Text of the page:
One of the complaints about trying to lose weight is having to eat “diet” food. Well, with the occasional exception of a frozen dinner here and there, I don’t DO “diet” food. I do food. There’s a common idiom I hear often in weight loss circles: eat to live, don’t live to eat. I have a serious problem with this: it implies (much like the phrase “clean eating”) that there is a right way and a wrong way to eat. Why can’t the answer be somewhere in the middle? I have a very good friend to whom food is deserving of worship, deeply tied to emotion and memory. I have an acquaintance who couldn’t care less about food having flavor: baked chicken breasts, brown rice and steamed broccoli would make her happy for months. As is almost always the case with me, I fall in the middle of the spectrum.
Okay, look, if I’m honest, I fall closer to the worship side. There are most decidedly foods worth worship for me: creamy foie gras pate with concord grape reduction, perfectly cooked duck breast with crispy skin (including bits of baguette dipped in the savory juices), duck hearts grilled rare, juicy smoked kielbasa, the corner pizza shop’s chicken parmesan. The list goes on. But if I want to lose or maintain my weight (and maintain my budget), I simply can’t eat those things on a daily basis. However, there’s no reason I can’t have delicious, flavorful foods without blowing my calories, particularly if I’m willing to tweak a recipe.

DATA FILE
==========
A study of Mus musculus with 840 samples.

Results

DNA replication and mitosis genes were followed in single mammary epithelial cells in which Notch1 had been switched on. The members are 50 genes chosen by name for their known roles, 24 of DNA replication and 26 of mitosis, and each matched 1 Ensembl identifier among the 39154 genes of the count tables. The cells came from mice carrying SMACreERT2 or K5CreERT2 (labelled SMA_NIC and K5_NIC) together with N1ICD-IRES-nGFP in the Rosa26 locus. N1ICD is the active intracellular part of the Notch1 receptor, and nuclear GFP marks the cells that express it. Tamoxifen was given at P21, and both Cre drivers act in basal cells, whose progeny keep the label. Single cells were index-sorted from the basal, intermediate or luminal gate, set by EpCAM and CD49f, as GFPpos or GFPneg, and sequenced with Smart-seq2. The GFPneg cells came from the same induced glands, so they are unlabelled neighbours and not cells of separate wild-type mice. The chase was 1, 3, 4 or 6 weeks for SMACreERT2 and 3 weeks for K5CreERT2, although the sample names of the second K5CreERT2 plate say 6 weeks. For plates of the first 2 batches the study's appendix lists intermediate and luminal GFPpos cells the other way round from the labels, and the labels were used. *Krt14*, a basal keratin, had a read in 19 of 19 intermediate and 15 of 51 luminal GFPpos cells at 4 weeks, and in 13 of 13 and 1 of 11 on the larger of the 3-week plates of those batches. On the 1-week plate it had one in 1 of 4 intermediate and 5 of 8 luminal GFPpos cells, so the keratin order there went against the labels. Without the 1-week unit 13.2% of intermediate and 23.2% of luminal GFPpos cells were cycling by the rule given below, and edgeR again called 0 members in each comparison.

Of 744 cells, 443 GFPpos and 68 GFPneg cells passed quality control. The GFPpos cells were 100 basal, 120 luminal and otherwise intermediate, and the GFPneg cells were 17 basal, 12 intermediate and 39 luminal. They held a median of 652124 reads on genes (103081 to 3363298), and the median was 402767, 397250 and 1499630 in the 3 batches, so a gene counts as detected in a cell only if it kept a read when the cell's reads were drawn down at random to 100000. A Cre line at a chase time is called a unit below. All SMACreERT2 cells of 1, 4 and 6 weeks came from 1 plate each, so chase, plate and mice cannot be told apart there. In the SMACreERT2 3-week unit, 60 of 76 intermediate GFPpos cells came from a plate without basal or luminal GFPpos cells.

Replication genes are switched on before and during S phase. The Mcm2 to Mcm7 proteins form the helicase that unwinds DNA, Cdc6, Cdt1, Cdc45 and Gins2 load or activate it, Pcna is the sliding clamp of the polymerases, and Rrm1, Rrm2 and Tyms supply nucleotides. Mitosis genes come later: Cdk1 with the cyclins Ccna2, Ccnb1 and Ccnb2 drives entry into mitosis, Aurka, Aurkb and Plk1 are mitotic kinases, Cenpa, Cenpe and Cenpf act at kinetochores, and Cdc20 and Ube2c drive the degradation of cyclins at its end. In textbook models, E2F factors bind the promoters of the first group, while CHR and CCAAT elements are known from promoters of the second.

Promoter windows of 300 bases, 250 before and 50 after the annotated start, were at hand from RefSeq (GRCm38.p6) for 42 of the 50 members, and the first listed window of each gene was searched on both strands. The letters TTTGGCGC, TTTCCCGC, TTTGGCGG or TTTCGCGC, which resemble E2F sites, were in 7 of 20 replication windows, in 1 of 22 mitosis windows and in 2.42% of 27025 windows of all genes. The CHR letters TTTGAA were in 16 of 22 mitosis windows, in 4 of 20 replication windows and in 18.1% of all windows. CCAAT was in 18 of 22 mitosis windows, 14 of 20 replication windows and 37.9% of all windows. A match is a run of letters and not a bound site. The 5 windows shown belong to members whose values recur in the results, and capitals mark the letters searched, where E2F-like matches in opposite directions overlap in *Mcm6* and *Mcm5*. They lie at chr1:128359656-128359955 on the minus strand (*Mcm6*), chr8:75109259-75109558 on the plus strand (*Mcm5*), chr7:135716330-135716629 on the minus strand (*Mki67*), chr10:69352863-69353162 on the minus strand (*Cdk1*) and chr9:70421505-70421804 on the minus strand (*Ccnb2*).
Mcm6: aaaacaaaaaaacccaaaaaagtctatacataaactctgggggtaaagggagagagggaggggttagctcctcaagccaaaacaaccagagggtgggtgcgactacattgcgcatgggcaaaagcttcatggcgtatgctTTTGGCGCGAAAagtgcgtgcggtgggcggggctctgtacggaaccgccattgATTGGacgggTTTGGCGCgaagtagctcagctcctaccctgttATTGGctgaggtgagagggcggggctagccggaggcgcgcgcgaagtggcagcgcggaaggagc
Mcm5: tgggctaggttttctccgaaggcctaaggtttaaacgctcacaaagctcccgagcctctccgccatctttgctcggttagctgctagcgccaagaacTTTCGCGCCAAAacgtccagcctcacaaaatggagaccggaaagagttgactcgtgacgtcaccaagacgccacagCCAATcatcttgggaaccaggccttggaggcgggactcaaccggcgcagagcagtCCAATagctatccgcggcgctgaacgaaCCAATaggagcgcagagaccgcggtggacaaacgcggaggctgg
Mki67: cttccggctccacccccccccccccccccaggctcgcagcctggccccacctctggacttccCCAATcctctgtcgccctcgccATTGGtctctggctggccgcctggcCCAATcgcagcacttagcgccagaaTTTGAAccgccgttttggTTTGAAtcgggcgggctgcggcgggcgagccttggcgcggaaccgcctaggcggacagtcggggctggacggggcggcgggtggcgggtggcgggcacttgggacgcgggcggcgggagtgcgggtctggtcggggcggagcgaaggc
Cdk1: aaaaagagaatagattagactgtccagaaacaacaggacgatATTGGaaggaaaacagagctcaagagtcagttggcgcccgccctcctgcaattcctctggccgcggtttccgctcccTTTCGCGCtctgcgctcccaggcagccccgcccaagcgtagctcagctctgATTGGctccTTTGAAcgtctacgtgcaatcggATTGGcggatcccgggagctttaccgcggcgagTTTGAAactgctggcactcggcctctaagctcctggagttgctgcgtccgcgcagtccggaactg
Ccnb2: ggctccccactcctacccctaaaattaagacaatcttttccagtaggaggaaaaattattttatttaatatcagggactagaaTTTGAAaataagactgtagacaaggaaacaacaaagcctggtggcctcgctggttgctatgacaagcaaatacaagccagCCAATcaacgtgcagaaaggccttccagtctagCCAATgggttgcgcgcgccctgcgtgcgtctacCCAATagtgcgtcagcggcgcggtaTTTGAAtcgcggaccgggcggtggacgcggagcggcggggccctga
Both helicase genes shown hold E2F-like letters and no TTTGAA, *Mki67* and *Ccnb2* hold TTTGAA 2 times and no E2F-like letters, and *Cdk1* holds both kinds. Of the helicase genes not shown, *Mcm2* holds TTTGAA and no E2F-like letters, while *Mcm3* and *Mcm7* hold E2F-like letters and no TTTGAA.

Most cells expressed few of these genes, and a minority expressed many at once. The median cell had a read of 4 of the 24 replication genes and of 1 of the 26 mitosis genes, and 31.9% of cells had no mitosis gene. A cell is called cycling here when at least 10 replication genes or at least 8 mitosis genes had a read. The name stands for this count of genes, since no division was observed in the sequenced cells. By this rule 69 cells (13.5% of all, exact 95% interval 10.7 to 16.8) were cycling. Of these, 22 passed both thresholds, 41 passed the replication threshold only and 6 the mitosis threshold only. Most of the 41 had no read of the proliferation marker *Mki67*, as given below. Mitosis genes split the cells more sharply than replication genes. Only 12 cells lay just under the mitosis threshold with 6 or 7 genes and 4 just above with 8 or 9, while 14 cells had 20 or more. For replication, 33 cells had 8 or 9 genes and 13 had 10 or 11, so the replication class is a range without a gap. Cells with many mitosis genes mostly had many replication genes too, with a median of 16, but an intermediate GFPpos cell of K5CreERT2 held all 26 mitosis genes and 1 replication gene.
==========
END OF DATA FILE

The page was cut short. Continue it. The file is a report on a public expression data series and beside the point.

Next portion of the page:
I have a bit of a problem with recipes. I can spend hours browsing the internet for recipes: and Pinterest is the worst for this. The problem is, most of the recipes I wind up bookmarking might be delicious, but they just aren’t everyday recipes, meaning, the calories are on the high side. So, being fairly confident in the kitchen, I find a recipe I love and tweak it! Several weeks ago I bookmarked a delicious looking Pork and Cider Stew from Food & Wine Magazine. Pork shoulder, bacon, butter, olive oil AND heavy cream make this recipe sound incredibly rich and comforting. I kept going back to the recipe: it just seemed so perfect for chilly February. So, this week, I decided to adapt it. Here’s my method for adapting almost any recipe.
Here’s a comparison of the ingredients lists and nutritional information:
So how does it TASTE? Because I mean, really, what’s the point of cooking healthy food if it tastes awful and you don’t want to eat it, right?
I mean, uh, it’s pretty awful, I should just eat it all myself. Save you the trouble. *cough*
Just kidding, it was DELICIOUS! Seriously: it was rich, creamy, smoky, salty and the pork was so incredibly tender you barely had to chew. The only change The Hubs and I will make for this recipe in the future is to leave out the sage. We found it too strong and a bit overpowering. Maybe thyme would be a good substitute? I personally think it would be fine without any fresh herbs at all. And seriously? You do not need heavy cream in this recipe at all. The little bit of evaporated skim milk plus the cornstarch gave it a velvety mouth feel that was just divine. You can find MY lightened version of this recipe, ready to print, HERE, if you have a SparkPeople account. If you don’t, you can click the image below.